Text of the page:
Former Dodgers Outfielder Yasiel Puig Facing Obstruction Of Justice Charge

Former Los Angeles Dodgers outfielder Yasiel Puig is in the midst of a legal battle regarding bets he placed on sporting events with an illegal gambling operation.

Puig previously agreed to plead guilty to one count of making false statements to federal law enforcement officials about the bets he placed. However, attorneys for Puig announced that significant new evidence prompted the former All-Star to withdraw his agreement and change his plea to not guilty.

The change came after Puig’s lawyers said they believe a defense case exists for him. But with no plea deal in place, Puig now faces an additional charge he will need to defend himself against in court, via Salvador Hernandez of the L.A. Times:

After reneging on the plea agreement, Puig, 32, now faces a charge of obstruction of justice in addition to the original charge of making false statements to federal officials, according to a superseding indictment.

Puig’s remarks occurred during a Zoom interview in January 2022 related to his betting activity from 2019.

In a statement, Puig’s attorneys say he was preparing to leave for South Korea for the upcoming season when he learned the government was investigating the gambling business run by Wayne Nix, a former Minor League player.

They also claim the 31-year-old was told he would just be a witness in the case, along with other pro athletes and celebrities. Since then, Puig is the only witness to have been charged by the authorities.

In addition, his attorneys go on to say, “Information produced by the government thus far confirms that bias affected federal investigators’ assessment of Puig’s credibility as a witness, especially when compared with non-Black witnesses. That ultimately led to the decision to charge him with two crimes: making false statements and obstruction of justice.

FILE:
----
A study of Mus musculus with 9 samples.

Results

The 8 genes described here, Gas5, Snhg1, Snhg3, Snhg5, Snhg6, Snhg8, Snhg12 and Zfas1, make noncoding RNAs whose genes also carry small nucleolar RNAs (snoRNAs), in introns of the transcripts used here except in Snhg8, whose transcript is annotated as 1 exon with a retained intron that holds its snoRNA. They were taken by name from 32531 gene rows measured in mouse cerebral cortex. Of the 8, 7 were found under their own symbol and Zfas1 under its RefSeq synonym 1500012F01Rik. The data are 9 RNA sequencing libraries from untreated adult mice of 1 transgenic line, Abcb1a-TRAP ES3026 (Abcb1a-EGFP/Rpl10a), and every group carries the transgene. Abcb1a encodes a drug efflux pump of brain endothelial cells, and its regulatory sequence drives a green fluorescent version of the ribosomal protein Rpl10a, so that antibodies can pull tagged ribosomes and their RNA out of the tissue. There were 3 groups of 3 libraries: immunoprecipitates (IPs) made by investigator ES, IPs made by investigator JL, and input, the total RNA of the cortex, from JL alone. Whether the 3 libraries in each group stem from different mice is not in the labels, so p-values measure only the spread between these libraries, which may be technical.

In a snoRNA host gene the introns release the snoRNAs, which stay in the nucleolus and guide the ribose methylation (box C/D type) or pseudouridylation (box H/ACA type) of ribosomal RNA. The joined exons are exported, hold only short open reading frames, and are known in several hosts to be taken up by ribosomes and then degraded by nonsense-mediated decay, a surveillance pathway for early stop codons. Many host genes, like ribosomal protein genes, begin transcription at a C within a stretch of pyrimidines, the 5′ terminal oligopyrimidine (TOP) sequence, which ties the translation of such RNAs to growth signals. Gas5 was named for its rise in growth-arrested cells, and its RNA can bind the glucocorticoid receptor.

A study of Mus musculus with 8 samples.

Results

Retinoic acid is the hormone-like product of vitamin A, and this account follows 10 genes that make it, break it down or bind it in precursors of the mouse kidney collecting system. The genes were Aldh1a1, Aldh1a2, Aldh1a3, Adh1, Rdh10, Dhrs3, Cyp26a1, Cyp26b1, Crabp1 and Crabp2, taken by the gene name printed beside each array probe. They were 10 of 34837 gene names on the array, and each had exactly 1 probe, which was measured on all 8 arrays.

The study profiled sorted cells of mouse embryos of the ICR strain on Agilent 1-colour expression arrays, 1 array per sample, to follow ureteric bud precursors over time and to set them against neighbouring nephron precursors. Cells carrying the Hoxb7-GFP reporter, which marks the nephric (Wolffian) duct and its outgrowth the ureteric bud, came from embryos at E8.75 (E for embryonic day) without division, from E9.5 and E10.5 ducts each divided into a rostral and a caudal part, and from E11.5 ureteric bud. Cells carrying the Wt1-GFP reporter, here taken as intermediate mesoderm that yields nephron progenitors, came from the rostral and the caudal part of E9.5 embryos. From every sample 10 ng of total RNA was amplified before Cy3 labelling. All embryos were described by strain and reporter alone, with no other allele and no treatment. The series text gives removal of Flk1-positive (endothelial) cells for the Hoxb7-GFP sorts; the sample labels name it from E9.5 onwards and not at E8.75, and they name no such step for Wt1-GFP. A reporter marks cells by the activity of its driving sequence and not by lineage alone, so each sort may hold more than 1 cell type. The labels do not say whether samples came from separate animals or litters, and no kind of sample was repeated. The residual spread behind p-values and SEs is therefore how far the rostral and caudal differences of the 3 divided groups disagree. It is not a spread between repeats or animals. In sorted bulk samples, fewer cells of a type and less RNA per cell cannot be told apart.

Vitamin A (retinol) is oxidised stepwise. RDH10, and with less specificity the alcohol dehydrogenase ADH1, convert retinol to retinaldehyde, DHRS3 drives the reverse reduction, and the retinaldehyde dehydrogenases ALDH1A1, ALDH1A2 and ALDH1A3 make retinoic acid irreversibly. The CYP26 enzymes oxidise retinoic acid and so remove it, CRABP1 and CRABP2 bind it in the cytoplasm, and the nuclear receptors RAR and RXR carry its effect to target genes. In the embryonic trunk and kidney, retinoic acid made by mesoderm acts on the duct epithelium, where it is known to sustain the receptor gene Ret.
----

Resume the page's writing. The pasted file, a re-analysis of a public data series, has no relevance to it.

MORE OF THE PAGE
“The Department of Justice has refused to discuss the matter with Puig’s attorneys or provide additional information that would further show its patterns and practices when it comes to interviewing and charging Black men versus similarly situated non-Black persons.”

Puig was facing a statutory maximum sentence of five years in federal prison and he agreed to pay a fine of at least $55,000 as part of his previous plea deal. Obstruction of justice is a felony under federal law, and it also carries a maximum sentence of five years in prison, in addition to fines.

He last appeared in a game with the Dodgers in 2018 before he went on to play for the Cleveland Indians and Cincinnati Reds during his final season at the Major League level.

Puig has since gone on to play for the Toros del Este of the Dominican Winter League and El Aguila de Veracruz of the Mexican League. He most recently was playing for the Kiwoom Heroes of the Korean Baseball Organization (KBO).

On Saturday, in front of the United States District Court in Los Angeles, Puig will be making his only public remarks prior to his upcoming trial.

In addition to Puig, he will be joined by civil rights attorney Ben Crump, trial and appellate attorney and former Asst. U.S. Attorney Keri Axel, his agent Lisette Carnet, and attorney and expert in Cuban exiles Ramiro Lluis.